Selena Gomez shocked her fans this morning when she revealed on Instagram that she underwent a kidney transplant over the summer. Now, many are wondering what this means for the singer’s current and long-term health.
The 25-year-old has been open about her battle with lupus for several years, first revealing in 2015 that she’d undergone chemotherapy to treat the disease. After taking time off to deal with anxiety and depression related to her condition, Gomez said in 2016 that she’s “very healthy.” So does the fact that she needed a kidney transplant mean she’s sicker than she let on?
Probably not, says Robert Montgomery, MD, director of the Transplant Institute at NYU Langone Health. Dr. Montgomery has not treated Gomez, but he does specialize in transplants for people with immune diseases including lupus.
While the private details of Gomez’s condition are unknown, Dr. Montgomery says that it’s common for lupus to damage kidneys to the point where one or both need to be replaced. “Not every patient who gets lupus ends up with kidney failure, but some do,” he says.
That’s because lupus, which causes the immune system to attack its own organs and tissues, can affect the whole body. According to the Lupus Foundation of America, about half of all cases of systemic lupus affect a major organ such as the heart, lung, kidneys or brain.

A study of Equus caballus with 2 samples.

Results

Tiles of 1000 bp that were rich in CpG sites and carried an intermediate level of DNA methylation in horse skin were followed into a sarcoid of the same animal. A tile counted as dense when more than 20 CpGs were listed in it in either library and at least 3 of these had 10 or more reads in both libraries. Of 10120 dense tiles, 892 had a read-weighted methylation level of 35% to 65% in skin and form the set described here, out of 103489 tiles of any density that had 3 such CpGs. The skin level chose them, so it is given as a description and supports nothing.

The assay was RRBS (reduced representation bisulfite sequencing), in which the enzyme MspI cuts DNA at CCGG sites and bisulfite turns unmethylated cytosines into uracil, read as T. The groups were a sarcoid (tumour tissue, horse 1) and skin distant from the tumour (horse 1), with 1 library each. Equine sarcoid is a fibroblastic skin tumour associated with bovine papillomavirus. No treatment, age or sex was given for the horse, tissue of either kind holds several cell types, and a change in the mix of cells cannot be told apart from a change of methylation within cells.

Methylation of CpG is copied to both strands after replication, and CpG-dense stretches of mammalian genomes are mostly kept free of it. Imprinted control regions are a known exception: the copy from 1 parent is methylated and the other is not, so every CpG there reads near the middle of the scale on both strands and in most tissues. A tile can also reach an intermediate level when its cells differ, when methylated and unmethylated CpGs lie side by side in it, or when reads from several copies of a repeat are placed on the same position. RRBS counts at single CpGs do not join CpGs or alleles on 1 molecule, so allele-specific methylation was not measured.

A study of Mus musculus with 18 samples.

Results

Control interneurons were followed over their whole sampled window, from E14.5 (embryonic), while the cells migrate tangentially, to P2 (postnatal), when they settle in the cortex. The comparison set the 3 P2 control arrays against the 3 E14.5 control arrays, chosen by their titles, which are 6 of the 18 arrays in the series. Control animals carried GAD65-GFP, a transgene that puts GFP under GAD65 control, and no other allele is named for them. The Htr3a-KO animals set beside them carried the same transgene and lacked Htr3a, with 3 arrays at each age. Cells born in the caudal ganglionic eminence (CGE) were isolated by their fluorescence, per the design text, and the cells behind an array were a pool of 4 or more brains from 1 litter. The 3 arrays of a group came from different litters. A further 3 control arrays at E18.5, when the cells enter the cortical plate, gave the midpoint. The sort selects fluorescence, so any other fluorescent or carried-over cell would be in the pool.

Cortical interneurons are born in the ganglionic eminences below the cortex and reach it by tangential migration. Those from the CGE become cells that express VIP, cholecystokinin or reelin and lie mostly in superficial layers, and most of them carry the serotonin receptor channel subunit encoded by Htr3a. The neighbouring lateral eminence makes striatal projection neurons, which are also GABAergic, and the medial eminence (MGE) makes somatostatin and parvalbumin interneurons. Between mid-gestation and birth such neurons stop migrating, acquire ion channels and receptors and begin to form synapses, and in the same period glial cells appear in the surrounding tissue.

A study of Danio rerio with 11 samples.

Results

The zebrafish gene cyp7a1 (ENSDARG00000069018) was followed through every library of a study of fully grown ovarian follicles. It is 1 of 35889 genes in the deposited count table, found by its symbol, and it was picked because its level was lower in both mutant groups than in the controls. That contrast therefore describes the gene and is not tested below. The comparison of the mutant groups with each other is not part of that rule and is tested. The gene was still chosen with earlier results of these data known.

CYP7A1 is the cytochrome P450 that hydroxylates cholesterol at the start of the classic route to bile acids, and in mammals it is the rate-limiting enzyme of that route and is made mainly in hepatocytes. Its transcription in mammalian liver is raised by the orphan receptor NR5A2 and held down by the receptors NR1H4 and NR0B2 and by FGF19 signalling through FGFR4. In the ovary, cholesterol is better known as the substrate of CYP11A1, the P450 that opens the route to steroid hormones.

Because of that, many lupus patients will eventually need transplants to replace kidneys that have been damaged over time — especially because it can take years for the disease to be diagnosed and properly treated. Often, patients are added to a waiting list to be matched with a deceased donor, and they may have to go on dialysis for kidney failure while they wait months or even years.
But if a patient has a friend or family member who’s willing to be a live donor, they can schedule a preemptive kidney transplant before dialysis is needed. (Gomez’s living donor was her long-time friend and actress Francia Raisa.)
Lupus flares can still occur once a patient goes into remission, but for the most part, says Dr. Montgomery, “patients can lead a totally normal life.” Kidney-transplant recipients do have to take immunosuppressant drugs for the rest of their lives — but these drugs are much safer than they used to be, he adds, “and they can actually help keep lupus at bay.”
The fact that Gomez received a kidney from a live donor is good news for her health, as well.
“Live donor transplants last twice as long, on average, as deceased donor kidneys,” says Dr. Montgomery. “Young people who get a kidney transplant often need another transplant at some point in their lives, but if you want to get the most years out of the first kidney, a live donor is a great advantage.”
Dr. Montgomery says the recovery time from a kidney transplant is usually about six weeks for the recipient, and even less for the donor. “People can go back to their normal lives pretty rapidly, whether that’s going on tour or whatever they were doing before, and their outcomes are really very good.”